In approving a $1.9 billion District of Columbia operating budget for the 1984 fiscal year on Tuesday, the City Council dissected Mayor Marion Barry's spending priorities and restructured them in significant ways.

Council aides said yesterday that this was the first time in the council's eight-year existence that it took a comprehensive, systematic approach to developing its own budget plan. "We went into all the agencies and control centers," said Richard C. Siegel, the council's budget director.

Aides largely credited the successful new approach to the team of Council Chairman David A. Clarke and finance committee Chairman John A. Wilson (D-Ward 2), who worked behind the scenes to rally support for major revisions in Barry's original budget proposal--including a compromise on spending for the public schools--and a new tax package.

Barry's budget director, Betsy Reveal, said yesterday she was pleased with the final version of the budget and that the mayor got "90 percent" of what he wanted. She declined to say whether the mayor would sign the bill, pending a review by the budget staff.

"By and large, we're comfortable that many, many of the things we wanted came out all right," Reveal said.

But Alphonse G. Hill, the deputy mayor for finance, saw more significant changes. He sharply criticized the council for cutting $1.2 million from the $5 million requested by Barry to cover the cost of obtaining short-term loans next year, when the city no longer can borrow that money interest-free from the U.S. Treasury.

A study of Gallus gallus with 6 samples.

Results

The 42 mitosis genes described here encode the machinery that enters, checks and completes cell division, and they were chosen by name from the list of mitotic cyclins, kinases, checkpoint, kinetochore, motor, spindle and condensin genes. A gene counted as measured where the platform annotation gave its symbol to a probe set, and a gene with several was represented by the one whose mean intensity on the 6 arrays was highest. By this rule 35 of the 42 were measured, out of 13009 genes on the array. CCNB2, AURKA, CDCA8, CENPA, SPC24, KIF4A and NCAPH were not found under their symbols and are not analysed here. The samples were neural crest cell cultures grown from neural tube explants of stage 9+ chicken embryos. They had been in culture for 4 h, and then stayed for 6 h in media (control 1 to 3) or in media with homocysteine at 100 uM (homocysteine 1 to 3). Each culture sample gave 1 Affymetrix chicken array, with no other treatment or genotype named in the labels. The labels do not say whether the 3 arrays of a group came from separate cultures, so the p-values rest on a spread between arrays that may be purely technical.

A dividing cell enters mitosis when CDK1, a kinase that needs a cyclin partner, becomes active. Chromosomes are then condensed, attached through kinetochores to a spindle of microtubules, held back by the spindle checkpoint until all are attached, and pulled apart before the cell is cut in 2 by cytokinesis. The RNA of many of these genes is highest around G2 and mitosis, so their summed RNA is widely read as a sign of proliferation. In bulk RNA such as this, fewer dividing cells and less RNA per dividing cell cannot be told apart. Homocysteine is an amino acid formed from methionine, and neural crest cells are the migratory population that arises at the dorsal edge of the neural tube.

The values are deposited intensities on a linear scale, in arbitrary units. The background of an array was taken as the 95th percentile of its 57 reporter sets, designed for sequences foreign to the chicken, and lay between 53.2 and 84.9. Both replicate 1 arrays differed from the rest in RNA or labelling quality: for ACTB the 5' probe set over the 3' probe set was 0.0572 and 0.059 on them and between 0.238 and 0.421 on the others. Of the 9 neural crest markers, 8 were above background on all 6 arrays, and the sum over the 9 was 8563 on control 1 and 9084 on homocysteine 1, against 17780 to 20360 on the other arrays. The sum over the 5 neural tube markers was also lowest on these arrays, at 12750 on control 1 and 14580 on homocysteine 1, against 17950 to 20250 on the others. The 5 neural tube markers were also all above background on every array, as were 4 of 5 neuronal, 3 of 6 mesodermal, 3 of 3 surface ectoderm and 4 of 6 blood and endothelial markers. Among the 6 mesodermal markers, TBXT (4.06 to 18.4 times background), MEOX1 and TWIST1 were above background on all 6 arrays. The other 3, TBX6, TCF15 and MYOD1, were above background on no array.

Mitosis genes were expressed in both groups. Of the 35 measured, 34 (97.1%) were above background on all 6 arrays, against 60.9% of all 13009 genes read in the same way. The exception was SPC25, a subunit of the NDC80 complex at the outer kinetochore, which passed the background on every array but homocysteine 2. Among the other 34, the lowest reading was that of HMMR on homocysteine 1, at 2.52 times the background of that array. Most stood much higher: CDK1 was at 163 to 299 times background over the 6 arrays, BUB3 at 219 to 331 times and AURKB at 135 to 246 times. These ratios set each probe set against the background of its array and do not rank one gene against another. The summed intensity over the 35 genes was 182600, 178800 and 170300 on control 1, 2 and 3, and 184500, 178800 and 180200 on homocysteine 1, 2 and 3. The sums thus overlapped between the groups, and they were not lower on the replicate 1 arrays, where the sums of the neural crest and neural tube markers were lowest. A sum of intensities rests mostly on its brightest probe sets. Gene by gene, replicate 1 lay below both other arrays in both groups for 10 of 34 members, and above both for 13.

"I don't think the council knows what it's doing when it takes out those funds," Hill said. "It doesn't understand the jeopardy it's putting the city in."

The budget contains other major departures from Barry's priorities, including:

Restoring funds that Barry wanted to cut for General Public Assistance, which aids people out of work because of disabilities; medical assistance for unemployed people who don't qualify for any other medical program, and a public school transportation subsidy the mayor wanted to limit to handicapped or needy students only.

* Cutting $3.8 million from Barry's $96 million request for funds to pay for the city government's gasoline and energy costs. Council members concluded that Barry's estimates of the city's energy needs were inflated--a conclusion hotly disputed by Reveal.

* Eliminating $2.4 million in budget authority that would have enabled the new Washington Convention Center to purchase kitchen facilities and equipment from the center's major food-service contractor.

* Scaling back about $1.3 million in spending proposed by Barry for a wide range of city agencies, including the Office of Financial Management, the Commission on the Arts and Humanities, the Office on Latino Affairs, and the Department of Environmental Services.

* Adding $5 million to the budget to help retire the city's long-term debt, which totals $296.4 million.

* Adopting a spending level for the public schools totaling $326 million, or about $7.5 million more than Barry recommended but $10 million less than requested by the schools.

The council last year added $16.5 million to Barry's proposal for the schools, but many observers said that was done primarily to curry favor with voters in an election year.

This year, the school budget was again the major issue in the council's budget deliberations. Clarke was largely credited with working out a compromise on school spending between the mayor and the council members, to ward off a strong appeal from the politically potent school lobby.

In contrast to former council chairman Arrington L. Dixon, who council members said rarely consulted with them on major issues, Clarke repeatedly conferred with his colleagues during the past few weeks on the new budget, and held three closed-door meetings last week to thrash out a final version.

Hilda Mason (Statehood-At-large), chairman of the Education Committee and a staunch ally of the school board, criticized Clarke's leadership and sought unsuccessfully to raise income taxes to give the school board more money. But several other council members, including some who had endorsed Dixon for reelection, had public praise for Clarke.